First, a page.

Thursday, January 30, 2014
Break from Fiction with Thomas Disch and multiple Johnsons
After reading Thomas Disch’s On Wings of Song I skimmed through some of Disch’s criticism at The Weekly Standard and read the obituary of Disch published there, written by Joseph Bottum.
I enjoyed Disch’s article about Judy Chicago’s “The Dinner Party” and the exhibition of Victorian nudes, both of which I saw when I lived in New York, and the June 2, 2003 article in which Disch deplores much contemporary art is clever and fun if you are not personally invested in contemporary art. (“It is enough nowadays to declare yourself an artist and then to declare some large artifact in the vast world of found objects to be your work of art.”) I also read Disch’s favorable review of Paul Johnson’s Art: A New History, in which Disch provides an anecdote about Isaac Asimov and mentions Johnson’s 1999 book Intellectuals.
Directed thusly, I read a few chapters of Intellectuals, the merciless hit pieces on Rousseau and Marx being the most memorable and entertaining.
Intellectuals is dedicated to Paul Johnson’s grandson, Samuel Johnson, and I took this as a cue from above to read Volumes IV (covering the years 1782-84) and V (including those few letters for which a date is unknown) of The Letters of Samuel Johnson, edited by Bruce Redford.
Johnson was an old and sick man during the period covered by Volume IV, and many of his friends were in similarly poor condition, so these letters are full of descriptions of symptoms, assessments of the kinds of remedies 18th century people resorted to (including drawing of the blood, taking opium, and “frequent changes of air”), and expressions of sympathy and hope for recovery, as well as lamentations when Johnson's intimate friends Robert Levet and Anna Williams die and leave Johnson alone in his house. But there are also charming expressions of friendship and fun little anecdotes. Hester Thrale has to sell her silver plate and Johnson consoles her; James Boswell inherits his father’s estate and Johnson recommends frugality to him time and again (“Do not accustom yourself to consider debt only as an inconvenience: you will find it a calamity”); Joseph Cradock borrows a manuscript from Lord Harborough and in turn lends it to Johnson, and then Johnson loses it and actually forgets he ever received it.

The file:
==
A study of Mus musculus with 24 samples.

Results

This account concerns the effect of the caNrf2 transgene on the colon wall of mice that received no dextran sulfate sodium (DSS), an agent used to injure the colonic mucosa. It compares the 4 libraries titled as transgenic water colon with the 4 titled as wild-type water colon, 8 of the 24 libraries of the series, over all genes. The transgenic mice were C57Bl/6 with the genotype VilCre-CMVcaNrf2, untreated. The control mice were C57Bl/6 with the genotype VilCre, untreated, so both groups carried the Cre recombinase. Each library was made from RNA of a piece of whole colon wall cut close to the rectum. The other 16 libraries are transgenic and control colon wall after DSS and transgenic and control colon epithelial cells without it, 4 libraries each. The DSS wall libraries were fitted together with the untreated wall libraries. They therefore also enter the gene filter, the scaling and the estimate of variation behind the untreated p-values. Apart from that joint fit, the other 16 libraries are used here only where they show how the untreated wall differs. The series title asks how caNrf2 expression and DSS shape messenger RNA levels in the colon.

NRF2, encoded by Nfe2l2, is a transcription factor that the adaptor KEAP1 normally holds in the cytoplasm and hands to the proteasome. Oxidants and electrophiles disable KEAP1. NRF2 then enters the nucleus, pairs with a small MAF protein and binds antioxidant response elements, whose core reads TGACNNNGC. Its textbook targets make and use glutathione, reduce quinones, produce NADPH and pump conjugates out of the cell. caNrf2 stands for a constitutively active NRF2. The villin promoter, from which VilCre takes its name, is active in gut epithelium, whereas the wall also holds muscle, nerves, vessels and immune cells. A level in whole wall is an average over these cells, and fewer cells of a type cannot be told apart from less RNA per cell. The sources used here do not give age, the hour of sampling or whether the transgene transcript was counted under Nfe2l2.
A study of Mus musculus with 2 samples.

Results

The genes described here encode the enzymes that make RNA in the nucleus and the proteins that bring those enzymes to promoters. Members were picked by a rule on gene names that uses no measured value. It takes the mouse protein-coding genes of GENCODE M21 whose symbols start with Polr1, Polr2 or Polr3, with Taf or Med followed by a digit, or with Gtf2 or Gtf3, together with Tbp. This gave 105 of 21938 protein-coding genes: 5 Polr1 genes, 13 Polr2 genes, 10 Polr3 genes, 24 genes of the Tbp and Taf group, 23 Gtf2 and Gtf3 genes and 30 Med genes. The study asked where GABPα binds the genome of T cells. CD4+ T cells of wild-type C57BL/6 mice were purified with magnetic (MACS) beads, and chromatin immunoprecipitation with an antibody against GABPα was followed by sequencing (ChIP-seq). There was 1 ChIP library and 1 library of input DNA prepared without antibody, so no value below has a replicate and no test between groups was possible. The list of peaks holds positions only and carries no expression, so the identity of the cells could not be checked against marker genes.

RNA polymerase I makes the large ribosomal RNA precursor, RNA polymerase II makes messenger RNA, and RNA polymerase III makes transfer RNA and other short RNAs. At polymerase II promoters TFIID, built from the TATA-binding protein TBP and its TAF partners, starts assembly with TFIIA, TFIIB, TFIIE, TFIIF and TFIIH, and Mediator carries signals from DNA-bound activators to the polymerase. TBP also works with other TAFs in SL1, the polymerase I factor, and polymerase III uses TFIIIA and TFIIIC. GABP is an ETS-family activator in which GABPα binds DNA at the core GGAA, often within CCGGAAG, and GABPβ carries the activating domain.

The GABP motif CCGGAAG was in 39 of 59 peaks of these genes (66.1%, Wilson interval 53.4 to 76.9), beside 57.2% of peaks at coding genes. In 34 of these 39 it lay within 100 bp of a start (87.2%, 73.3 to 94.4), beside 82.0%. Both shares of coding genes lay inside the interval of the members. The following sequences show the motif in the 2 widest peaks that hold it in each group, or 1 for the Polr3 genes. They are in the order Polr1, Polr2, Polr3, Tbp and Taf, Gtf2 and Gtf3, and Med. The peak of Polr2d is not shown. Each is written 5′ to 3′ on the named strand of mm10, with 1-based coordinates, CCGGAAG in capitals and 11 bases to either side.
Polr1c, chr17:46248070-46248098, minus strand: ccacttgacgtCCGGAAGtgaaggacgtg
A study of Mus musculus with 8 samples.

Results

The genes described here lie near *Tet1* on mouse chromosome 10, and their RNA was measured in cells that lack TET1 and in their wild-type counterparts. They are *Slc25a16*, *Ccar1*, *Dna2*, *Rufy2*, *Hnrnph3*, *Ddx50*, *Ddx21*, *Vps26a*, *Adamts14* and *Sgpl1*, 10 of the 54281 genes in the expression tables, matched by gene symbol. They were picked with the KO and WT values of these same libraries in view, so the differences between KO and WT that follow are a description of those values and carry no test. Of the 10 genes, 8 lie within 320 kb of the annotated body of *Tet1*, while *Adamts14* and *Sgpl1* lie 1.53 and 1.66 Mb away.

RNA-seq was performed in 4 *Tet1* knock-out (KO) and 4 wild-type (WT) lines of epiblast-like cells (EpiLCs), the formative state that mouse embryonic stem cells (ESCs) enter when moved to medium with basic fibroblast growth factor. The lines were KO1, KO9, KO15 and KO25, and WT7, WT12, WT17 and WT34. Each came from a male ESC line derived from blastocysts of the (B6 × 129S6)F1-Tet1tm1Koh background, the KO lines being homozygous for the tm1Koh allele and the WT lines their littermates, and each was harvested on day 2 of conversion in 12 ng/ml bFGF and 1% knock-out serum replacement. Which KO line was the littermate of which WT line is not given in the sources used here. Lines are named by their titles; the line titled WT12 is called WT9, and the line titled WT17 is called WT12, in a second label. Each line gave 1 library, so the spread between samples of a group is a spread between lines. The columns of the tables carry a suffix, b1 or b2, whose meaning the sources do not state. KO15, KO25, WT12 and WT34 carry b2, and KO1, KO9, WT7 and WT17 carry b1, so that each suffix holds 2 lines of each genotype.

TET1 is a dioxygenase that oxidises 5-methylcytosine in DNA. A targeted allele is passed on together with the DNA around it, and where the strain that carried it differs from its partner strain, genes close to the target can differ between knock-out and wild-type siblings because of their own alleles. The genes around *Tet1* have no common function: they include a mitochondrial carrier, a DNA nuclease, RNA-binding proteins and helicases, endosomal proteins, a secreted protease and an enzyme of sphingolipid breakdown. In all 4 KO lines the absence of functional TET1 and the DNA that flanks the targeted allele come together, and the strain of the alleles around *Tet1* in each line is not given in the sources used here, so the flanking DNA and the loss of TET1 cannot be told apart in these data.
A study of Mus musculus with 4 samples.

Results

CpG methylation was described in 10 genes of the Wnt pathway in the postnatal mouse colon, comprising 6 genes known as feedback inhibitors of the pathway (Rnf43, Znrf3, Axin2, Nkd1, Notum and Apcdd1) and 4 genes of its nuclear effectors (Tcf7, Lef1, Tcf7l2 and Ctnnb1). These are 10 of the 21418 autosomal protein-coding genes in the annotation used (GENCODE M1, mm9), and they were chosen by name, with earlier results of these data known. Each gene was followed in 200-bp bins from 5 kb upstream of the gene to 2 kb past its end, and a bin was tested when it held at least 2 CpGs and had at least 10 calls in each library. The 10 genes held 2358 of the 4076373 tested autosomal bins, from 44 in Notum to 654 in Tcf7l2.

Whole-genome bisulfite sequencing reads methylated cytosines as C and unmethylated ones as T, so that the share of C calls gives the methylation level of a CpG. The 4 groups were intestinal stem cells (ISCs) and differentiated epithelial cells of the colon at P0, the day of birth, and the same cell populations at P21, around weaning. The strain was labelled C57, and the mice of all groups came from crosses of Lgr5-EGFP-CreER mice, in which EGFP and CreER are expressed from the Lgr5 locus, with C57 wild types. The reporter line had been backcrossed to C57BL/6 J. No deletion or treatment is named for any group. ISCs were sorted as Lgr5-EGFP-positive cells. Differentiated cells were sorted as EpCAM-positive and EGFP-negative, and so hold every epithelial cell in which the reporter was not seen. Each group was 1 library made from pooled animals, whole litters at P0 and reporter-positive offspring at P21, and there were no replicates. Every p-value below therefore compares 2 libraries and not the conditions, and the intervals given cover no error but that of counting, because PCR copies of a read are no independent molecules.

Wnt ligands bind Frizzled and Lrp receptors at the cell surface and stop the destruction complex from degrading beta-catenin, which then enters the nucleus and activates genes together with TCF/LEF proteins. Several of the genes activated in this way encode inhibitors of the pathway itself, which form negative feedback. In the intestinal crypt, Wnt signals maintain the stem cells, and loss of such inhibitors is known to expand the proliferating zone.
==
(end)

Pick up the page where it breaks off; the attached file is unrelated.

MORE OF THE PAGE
We see lots of evidence of Johnson’s generosity, of his reputation as an honest broker, and of his great influence. When Mauritius Lowe’s painting “The Deluge” is rejected by the Royal Academy, Johnson, who has never seen the painting, writes to the Academy president (Johnson’s best friend) Joshua Reynolds as well as to James Barry, a professor at the Academy, and convinces them to have the painting included despite its rejection. Johnson finds a job for one of his young cronies on Captain James Burney’s 50-gun ship H. M. S. Bristol by applying to the Captain’s sister, another of Johnson’s friends, novelist Fanny Burney. When Joshua Reynolds is not getting along with his sister Frances, and William Strahan is not getting along with his son George, Frances Reynolds and George Strahan ask Johnson’s help in patching up their relationships, and Johnson scribbles letter after letter trying to do just that.
There are also interesting tidbits that throw light on literary, political, and economic life in these years. When there is a spike in coal prices Johnson asks to borrow coal from friends, and then complains of the quality of the coal he receives; Johnson sends first editions of books to correspondents in India but learns they “fell by the chance of war into the hands of the French,” and so he sends the books again; Johnson laments Britain’s humbling in the American War (“perhaps no nation not absolutely conquered has declined so much in so short a time”) and the resulting chaos in Parliament; somebody, without Johnson’s collaboration, prints a collection of excerpts from Johnson’s work and Johnson takes to the newspapers to correct an errant interpretation of his thinking that has arisen as a result. London suffers an influenza epidemic,
and a sudden mania for ballooning, and Johnson gets swept upp in both.
I also read a bunch of Martial’s epigrams from the first volume of the 1993 Loeb edition, translated by D. R. Shackleton Bailey, including grotesque verses about beast fighting in the arena and crude poems in which Martial calls some other guy a cock sucker. Calling a guy a cock sucker seems to have been the acme of wit back in 86 AD, and who is to say things are much different in 2014 AD?